The Two-Way

George Lucas Chooses Los Angeles As Home For His Art Museum


George Lucas, pictured here in 2014, has announced that his museum will be built in Los Angeles. San Francisco had also been in the running.
Wong Maye-E, AP
George Lucas, pictured here in 2014, has announced that his museum will be built in Los Angeles. San Francisco had also been in the running.

After years of planning, negotiations and speculation, filmmaker George Lucas has chosen Los Angeles to be the home for his museum honoring visual storytelling. It will display his personal collection of fine and popular art, including Norman Rockwell paintings, Mad Magazine covers, photography, children's art, as well as Hollywood props and visual effects from his famous movie franchise Star Wars.

Lucas and his wife Mellody Hobson are footing the bill — $1 billion for an endowment, a futuristic-looking museum building and park land. Lucas has spent years planning his Museum of Narrative Art, which will include cinema and digital art. The museum's website states, "Our collection features the original, artist-made creations, from sketches to storyboards to sets and costumes from movies." There are plans for lectures and movie screenings, as well as workshops and school programs.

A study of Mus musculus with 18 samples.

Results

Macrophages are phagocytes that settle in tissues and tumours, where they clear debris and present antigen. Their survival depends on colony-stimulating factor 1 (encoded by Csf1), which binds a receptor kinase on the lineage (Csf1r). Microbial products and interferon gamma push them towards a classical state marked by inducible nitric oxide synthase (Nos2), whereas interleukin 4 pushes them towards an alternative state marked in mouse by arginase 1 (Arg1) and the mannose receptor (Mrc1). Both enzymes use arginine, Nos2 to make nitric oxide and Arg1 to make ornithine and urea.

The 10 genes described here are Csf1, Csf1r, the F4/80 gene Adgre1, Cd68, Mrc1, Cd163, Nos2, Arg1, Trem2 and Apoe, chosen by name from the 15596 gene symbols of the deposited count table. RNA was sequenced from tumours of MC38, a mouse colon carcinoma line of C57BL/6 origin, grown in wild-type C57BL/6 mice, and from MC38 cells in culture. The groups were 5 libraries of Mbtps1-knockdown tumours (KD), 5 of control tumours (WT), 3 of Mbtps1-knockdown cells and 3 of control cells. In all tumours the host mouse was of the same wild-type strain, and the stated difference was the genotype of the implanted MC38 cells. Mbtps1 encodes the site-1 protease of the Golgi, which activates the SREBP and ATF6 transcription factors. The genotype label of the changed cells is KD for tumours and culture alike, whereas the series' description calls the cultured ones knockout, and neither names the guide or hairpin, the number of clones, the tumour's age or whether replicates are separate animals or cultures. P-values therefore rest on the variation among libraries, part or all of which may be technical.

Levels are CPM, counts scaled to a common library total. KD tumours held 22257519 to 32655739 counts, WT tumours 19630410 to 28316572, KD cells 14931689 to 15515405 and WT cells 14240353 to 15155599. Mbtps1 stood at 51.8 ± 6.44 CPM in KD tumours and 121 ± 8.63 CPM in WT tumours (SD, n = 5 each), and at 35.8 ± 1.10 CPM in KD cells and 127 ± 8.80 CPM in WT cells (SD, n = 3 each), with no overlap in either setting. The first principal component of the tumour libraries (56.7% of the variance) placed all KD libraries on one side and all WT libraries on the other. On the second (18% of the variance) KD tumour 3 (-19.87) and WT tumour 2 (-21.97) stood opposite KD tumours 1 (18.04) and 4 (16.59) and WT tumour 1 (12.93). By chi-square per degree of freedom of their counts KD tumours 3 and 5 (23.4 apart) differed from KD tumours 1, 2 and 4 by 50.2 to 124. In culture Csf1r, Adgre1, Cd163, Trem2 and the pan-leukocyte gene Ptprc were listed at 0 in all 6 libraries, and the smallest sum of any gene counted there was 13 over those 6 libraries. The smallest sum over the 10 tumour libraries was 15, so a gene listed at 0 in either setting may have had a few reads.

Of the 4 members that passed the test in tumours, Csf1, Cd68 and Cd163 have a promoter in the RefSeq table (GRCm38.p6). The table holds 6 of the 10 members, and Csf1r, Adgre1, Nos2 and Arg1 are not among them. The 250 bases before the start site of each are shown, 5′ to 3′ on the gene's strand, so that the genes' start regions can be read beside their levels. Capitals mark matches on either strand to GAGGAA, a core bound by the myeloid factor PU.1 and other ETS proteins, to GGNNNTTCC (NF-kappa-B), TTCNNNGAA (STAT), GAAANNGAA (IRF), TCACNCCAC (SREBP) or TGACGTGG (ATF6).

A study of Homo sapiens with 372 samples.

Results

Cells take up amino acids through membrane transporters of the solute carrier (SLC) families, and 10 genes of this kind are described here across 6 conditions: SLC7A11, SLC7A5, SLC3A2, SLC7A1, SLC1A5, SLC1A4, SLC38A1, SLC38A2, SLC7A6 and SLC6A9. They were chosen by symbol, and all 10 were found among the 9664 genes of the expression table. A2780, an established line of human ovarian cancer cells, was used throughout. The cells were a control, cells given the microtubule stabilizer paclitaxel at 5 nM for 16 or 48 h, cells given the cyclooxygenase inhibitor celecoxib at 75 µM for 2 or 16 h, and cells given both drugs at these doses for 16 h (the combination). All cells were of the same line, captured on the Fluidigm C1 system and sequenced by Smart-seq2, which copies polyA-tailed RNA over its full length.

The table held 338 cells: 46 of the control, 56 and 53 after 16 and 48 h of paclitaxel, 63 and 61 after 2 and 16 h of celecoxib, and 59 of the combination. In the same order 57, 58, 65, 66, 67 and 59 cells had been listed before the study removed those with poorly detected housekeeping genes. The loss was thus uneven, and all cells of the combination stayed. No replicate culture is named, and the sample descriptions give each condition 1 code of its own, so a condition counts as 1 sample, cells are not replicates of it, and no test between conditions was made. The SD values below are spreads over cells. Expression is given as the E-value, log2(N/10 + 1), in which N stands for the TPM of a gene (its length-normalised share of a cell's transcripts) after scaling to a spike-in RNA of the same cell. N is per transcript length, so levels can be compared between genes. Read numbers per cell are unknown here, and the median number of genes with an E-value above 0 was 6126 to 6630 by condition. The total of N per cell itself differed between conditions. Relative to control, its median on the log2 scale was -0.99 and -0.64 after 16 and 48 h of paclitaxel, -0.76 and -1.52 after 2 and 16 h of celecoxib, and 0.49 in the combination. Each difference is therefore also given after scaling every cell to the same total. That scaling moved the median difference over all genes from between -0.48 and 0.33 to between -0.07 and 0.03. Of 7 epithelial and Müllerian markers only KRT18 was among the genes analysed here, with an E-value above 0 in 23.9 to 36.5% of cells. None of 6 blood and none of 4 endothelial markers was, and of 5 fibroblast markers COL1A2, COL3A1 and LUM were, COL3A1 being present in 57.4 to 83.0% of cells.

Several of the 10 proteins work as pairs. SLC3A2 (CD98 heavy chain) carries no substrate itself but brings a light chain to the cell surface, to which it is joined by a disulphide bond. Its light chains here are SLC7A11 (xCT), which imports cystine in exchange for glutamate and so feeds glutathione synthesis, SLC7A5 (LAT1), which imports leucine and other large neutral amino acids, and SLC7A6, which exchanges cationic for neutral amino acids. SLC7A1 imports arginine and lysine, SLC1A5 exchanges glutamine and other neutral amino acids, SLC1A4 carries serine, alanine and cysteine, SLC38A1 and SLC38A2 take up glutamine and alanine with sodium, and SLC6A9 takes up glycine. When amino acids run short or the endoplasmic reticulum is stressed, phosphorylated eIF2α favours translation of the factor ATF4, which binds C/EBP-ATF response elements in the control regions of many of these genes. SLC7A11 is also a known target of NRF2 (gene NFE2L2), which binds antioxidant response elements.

Proposals for housing the museum at Chrissy Fields in San Francisco's Presidio were nixed by the trust that manages the park. Then preservationists in Chicago sued to prevent Lucas from building on lakefront property there. Then Lucas and his board of directors were courted by city officials in both San Francisco and Los Angeles. Instead of the Bay Area's Treasure Island, they chose L.A.'s Exposition Park, near Lucas' alma mater, the University of Southern California


Los Angeles Mayor Eric Garcetti, who lobbied heavily for the museum, said, "Millions of Angelenos and visitors will enjoy an extraordinary collection anchored in storytelling — an art that carries so much meaning in the history and legacy of Los Angeles. L.A. is gaining a new jewel."